How Inflation Has Impacted the Housing Market in Five West Coast Cities
Inflation can be a double-edged sword when it comes to the housing market. On one hand, inflation increases the costs of new construction, as everything from labor to materials cost more. As these costs are passed on to buyers of new homes, prices rise.
On the other hand, inflation — and the increasing interest rates that typically accompany it — make homes more unaffordable for buyers, which tends to decrease demand and depress home prices.
The effect on home prices can vary from region to region. Although inflation alone is just one factor that affects home prices, here is a look at how the housing market has performed over the past year in select West Coast markets.
Housing prices dipped a bit in Los Angeles in early 2022, but they have since reversed and remain trending higher. According to Redfin, prices in the region jumped 14% year over year, not blazing compared to some of the hottest markets in the U.S. but still well above average and handily outpacing the rate of inflation.
When it comes to the West Coast, San Diego has been one of the kings of real estate over the past year: Prices have jumped nearly 30%.
There’s an expression that says “money follows the sun”; and, as the city dubbed to have the “most pleasant weather” in the United States, this is very much true for San Diego.
But other factors play a role in the housing spike in San Diego, including the number of available buyers with significant buying power still active in a market with low supply. In the second half of 2021, cash buyers jumped to a whopping 27% of all purchases, about double the usual rate. As cash buyers are less sensitive to rising interest rates, the housing spike may continue.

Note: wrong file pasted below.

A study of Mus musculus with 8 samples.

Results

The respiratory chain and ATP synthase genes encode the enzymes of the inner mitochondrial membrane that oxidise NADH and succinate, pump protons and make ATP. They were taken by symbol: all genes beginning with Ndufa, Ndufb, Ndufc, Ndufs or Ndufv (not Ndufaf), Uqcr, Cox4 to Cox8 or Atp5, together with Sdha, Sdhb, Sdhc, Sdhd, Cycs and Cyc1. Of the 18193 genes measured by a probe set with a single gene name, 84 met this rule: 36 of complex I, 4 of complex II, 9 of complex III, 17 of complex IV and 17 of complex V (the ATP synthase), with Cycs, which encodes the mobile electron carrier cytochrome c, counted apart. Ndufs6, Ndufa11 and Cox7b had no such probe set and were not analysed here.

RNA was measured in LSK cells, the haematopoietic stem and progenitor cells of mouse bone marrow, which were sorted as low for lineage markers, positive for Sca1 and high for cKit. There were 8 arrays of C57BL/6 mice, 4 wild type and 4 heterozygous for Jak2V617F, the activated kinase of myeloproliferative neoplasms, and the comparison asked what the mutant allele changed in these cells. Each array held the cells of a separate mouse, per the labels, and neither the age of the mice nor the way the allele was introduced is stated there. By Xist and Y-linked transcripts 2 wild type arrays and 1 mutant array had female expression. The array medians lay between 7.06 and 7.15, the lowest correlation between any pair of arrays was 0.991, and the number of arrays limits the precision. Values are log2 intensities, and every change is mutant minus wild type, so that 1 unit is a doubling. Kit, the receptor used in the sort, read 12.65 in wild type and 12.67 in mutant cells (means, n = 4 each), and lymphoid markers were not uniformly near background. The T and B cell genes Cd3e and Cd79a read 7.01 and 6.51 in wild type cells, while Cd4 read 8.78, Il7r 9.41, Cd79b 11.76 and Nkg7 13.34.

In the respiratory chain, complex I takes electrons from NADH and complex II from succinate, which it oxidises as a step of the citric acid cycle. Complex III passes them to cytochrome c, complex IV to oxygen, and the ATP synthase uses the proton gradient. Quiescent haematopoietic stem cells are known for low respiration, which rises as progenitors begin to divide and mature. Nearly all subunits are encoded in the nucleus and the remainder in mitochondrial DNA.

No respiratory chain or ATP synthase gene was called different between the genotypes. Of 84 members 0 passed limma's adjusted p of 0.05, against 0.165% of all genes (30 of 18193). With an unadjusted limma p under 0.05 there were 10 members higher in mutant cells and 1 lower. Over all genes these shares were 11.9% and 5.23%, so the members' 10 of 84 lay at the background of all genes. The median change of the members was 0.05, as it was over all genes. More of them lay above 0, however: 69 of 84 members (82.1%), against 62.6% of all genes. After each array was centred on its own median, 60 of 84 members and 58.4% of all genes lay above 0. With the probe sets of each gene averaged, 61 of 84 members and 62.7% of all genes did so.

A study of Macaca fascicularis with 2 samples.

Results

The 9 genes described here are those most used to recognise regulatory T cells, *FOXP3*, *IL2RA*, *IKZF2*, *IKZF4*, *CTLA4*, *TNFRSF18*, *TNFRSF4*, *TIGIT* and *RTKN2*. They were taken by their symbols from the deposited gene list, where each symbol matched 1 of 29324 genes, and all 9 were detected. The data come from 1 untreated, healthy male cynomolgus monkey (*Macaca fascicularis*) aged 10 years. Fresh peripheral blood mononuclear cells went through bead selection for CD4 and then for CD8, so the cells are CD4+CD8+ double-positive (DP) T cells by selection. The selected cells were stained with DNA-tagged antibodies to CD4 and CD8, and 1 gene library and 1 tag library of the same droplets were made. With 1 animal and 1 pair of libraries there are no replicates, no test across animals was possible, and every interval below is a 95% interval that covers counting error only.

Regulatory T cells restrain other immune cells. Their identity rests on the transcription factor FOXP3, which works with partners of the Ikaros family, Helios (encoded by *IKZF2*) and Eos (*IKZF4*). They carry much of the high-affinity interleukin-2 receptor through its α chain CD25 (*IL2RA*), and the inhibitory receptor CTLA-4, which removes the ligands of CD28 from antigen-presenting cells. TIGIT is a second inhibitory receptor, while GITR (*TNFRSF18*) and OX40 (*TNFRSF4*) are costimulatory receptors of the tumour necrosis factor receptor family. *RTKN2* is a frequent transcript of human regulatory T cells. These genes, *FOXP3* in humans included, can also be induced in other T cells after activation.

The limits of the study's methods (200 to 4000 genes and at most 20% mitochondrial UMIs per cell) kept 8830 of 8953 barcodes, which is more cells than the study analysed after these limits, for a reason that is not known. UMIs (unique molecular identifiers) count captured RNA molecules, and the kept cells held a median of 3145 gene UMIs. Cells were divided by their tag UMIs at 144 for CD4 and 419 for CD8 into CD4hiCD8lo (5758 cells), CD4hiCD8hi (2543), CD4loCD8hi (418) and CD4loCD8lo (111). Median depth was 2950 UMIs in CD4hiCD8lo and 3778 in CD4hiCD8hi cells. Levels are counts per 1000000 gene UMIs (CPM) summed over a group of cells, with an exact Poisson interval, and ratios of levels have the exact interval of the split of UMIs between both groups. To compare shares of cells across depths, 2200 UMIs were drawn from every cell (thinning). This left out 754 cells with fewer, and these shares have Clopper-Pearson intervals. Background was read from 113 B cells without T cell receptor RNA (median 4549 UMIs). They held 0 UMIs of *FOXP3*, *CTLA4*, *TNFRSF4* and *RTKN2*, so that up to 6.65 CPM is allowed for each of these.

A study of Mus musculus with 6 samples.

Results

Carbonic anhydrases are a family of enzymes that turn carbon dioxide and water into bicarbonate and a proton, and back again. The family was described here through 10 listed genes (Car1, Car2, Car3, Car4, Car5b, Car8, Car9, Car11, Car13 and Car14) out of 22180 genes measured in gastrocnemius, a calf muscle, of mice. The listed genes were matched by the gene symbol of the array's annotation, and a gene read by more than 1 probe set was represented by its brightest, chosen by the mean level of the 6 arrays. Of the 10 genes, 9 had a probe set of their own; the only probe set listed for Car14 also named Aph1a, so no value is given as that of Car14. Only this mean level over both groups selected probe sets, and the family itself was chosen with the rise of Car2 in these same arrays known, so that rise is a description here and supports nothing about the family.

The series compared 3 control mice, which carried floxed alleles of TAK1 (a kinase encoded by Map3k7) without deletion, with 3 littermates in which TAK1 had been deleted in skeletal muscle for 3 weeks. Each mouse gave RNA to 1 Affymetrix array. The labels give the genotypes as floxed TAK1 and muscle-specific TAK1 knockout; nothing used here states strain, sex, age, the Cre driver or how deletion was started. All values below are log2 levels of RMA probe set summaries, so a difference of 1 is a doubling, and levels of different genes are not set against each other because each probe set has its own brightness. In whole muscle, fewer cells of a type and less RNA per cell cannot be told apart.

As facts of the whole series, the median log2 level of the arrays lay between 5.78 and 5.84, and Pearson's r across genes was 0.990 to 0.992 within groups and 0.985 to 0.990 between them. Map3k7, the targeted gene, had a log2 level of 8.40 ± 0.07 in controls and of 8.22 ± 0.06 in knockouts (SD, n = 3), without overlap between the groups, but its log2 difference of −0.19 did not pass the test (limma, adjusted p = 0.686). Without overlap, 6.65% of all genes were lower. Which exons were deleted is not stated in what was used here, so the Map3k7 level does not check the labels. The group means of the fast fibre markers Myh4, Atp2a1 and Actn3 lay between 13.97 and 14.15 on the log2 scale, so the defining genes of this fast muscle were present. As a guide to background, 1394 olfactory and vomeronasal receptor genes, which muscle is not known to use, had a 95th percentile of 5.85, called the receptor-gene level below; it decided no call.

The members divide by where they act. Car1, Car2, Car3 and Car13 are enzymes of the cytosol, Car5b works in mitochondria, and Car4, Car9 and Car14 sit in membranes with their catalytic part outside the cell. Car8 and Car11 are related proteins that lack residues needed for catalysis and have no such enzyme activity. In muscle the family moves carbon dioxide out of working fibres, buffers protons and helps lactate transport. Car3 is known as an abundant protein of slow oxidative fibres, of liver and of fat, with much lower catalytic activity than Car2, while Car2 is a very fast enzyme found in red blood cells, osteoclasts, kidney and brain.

The Seattle housing market remains hot, with prices jumping nearly 20% over the past year. Even more impressive, homes have been remaining on the market for just six days. According to Redfin, Seattle is one of the most competitive housing markets in the country, with average homes selling for 8% above list prices.
Redfin agents in the area expect rising rates and inflation to make it even harder for buyers on the low end to compete, as higher-end homes will be out of reach to more buyers as prices continue to escalate.
Portland hasn’t quite kept up with the rest of the West Coast, with prices rising less than 7% over the past year, according to Redfin.
Portland has some societal and fiscal policy issues that are more pronounced than in some other cities, and these may be keeping more of a lid on downtown housing prices. In particular, high taxes and a rise in homelessness appear to have driven some city dwellers to the suburbs. In Portland’s case, inflation itself doesn’t seem to be as big of a factor in home prices.
The housing frenzy has even reached smaller cities on the West Coast, with the median price in Eureka, Calif., (population: 26,000) skyrocketing 28.6% over the past 12 months, according to Redfin.
Rising inflation, higher rates and general housing unaffordability may be catching up with the seat of Humboldt County. In February, the average sales price was actually under list price, and the total number of sales fell by 21.4%. Median listing time also increased, from 11 days to 13. According to Joshua Cook, board president of the Humboldt Association of Realtors, prices are likely to start leveling out.